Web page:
Mobile navigation


Guardian uses social media for VisitEngland campaign

The Guardian recently launched a social media element as part of the VisitEngland brand partnership campaign. Tom Quick, of social media specialists, Smesh, outlines the strategy behind the campaign.

By Tom Quick

Smesh have been using their in-house monitoring and analysis tools plus their human expertise and experience to help the Guardian (GNM) run the social media aspects of their campaign for VisitEngland.

At Smesh, we believe that it's really important to deliver a blend of focused consultancy and tool-based analytics. Just providing raw access to tools can leave clients swamped in data; relating this data back to campaign goals and quickly feeding back into campaign activity is essential for making the most of the interactive and real-time nature of social media.

An important starting point for the GNM campaign work was agreeing well-defined goals. In this instance, it was around encouraging people to contribute content to the campaign's centrepiece interactive map. This covers two essential initial ingredients of a successful social media campaign: something of value to build activity around, and success metrics that are in tune with the strengths of social media.

Social media is a mode of human communication. It's a conduit that clearly offers lots of potential for marketeers, combining aspects of broadcast (something you tweet can be seen by all the people who follow you) with interactivity (you can engage in dialogue with individuals or groups). However, having a fantastic channel isn't much use if you don't have anything of value to communicate: content of interest to your target market. In the case of the GNM campaign, the core of this content is the interactive map, appealing both as an information resource and as an opportunity for people to share and promote local information.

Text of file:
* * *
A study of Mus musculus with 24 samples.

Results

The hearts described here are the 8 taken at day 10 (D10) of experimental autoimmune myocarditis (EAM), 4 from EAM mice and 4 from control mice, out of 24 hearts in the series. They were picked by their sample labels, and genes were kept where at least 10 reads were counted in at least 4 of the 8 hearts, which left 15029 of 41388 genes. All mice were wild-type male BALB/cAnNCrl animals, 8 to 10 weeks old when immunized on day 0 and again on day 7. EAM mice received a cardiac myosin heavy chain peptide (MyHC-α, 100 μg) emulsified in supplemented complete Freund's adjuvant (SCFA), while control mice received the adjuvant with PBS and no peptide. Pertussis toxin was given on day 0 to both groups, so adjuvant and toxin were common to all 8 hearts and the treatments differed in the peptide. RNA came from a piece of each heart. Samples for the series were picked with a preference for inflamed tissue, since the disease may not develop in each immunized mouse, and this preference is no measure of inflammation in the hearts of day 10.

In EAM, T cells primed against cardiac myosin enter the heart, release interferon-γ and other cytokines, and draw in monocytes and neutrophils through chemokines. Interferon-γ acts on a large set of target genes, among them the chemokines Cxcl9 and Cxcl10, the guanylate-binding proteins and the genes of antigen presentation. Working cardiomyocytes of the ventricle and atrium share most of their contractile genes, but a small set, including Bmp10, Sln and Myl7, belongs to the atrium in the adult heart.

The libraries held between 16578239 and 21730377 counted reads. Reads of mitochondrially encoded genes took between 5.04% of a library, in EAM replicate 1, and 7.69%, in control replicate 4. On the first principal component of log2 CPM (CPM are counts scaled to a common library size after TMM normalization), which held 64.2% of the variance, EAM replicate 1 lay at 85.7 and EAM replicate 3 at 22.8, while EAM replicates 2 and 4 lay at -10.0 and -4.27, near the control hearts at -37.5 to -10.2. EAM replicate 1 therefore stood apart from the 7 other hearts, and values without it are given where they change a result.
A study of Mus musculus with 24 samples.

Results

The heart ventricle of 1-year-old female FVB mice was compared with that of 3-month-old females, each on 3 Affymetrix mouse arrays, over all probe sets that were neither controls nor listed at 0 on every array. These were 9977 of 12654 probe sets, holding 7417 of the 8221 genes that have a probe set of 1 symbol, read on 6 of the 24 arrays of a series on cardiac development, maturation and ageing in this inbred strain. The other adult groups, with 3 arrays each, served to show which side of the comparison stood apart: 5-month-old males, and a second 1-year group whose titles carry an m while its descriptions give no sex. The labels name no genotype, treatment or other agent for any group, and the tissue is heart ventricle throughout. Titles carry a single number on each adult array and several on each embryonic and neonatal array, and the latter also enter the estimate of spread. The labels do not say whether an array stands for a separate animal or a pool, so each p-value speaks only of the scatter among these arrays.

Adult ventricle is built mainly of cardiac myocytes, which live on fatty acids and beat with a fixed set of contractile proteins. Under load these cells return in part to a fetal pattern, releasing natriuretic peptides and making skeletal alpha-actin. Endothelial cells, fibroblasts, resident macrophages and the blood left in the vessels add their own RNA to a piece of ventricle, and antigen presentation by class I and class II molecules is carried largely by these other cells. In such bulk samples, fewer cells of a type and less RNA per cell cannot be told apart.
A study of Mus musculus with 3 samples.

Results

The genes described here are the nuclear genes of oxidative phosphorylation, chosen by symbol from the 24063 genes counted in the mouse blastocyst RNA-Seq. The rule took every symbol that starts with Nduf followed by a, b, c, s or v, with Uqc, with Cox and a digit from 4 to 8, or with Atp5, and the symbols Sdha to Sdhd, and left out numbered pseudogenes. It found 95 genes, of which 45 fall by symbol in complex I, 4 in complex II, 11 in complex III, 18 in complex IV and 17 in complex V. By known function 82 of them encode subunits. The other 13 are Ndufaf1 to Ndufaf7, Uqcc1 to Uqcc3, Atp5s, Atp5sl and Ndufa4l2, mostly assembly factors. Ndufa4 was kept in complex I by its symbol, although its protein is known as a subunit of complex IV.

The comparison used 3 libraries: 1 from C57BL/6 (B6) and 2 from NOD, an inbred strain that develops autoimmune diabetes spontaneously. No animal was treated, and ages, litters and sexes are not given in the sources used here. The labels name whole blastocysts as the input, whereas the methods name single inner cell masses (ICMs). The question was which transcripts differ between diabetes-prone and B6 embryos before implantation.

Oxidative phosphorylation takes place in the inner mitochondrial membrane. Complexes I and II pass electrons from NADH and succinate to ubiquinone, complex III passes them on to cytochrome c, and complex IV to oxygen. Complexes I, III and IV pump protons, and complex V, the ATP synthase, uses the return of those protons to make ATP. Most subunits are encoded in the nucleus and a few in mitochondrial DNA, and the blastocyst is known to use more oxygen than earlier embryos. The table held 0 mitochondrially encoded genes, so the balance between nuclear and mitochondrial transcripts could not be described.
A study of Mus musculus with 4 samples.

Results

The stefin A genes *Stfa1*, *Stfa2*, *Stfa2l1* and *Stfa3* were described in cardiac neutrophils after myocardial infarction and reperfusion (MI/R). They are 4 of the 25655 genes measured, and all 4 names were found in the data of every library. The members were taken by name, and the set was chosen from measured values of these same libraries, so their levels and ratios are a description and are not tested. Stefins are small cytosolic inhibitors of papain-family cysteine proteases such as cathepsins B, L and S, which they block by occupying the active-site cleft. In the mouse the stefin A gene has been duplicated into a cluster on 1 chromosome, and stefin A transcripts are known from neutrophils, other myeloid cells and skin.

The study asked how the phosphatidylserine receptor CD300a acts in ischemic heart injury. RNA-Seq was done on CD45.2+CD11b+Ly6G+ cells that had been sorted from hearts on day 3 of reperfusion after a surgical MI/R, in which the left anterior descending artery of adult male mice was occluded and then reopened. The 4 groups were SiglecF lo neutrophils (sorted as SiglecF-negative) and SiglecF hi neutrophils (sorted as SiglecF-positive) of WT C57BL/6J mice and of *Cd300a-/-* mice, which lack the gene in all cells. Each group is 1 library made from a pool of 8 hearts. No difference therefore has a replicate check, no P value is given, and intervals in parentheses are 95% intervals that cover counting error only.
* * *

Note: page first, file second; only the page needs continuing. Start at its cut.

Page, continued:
What constitutes appropriate success metrics for social media activity needs to be tuned to a specific campaign, based on its particular aims (eg. a focus on driving online traffic or sales, or building overall positive brand awareness). Similarly, goals have to be sensitive to the nature of social media content. The GNM and VisitEngland teams recognised that looking for online mentions of campaign search terms like 'England city breaks' wasn't appropriate, because people don't phrase reports of their own activities and interests in the same way that they do when asking Google for information.

If you're going to communicate with people, you really need a well defined idea of who you're going to be communicating with: their online behaviours, likes and dislikes, and so on.

Having worked with GNM and VisitEngland to build a full understanding of the campaign's overall identity and to define social media goals, the Smesh team set about mapping the social media landscape for the campaign. This involved a range of activities, from identifying broad themes ('what sort of thing are people tweeting about on activities in Brighton this month?'), to identifying and engaging with specific individuals producing high-quality local blog content. Importantly, this activity is still maintained as an integral part of the campaign.

This information is fed back rapidly into ongoing campaign activity: social media monitoring and analysis must be treated as an active 'live' resource to get the most out of it. Knowledge about topics of interest, upcoming events and influential online voices support the production of content with a view to encouraging visits and contributions to the campaign's interactive map, and to building followers.

A range of metrics continue to play an important supporting role, feeding into campaign activity. These include:

• Changes in volume of chatter on specific topics across platforms (blogs and social networks)

• Monitoring campaign reach — how many pairs of eyeballs has campaign content potentially be seen by?

• Tracking changes in follower numbers over time, factoring in influence 

These are just some of the activities that have contributed to this campaign, but they represent core common needs that if addressed can help produce success: create well-defined goals and metrics that fit with social media's strengths, thinking about what's in it for the people you want to engage with, recognising the needs that are unique for each campaign and using monitoring and analytics for continual campaign feedback and improvement.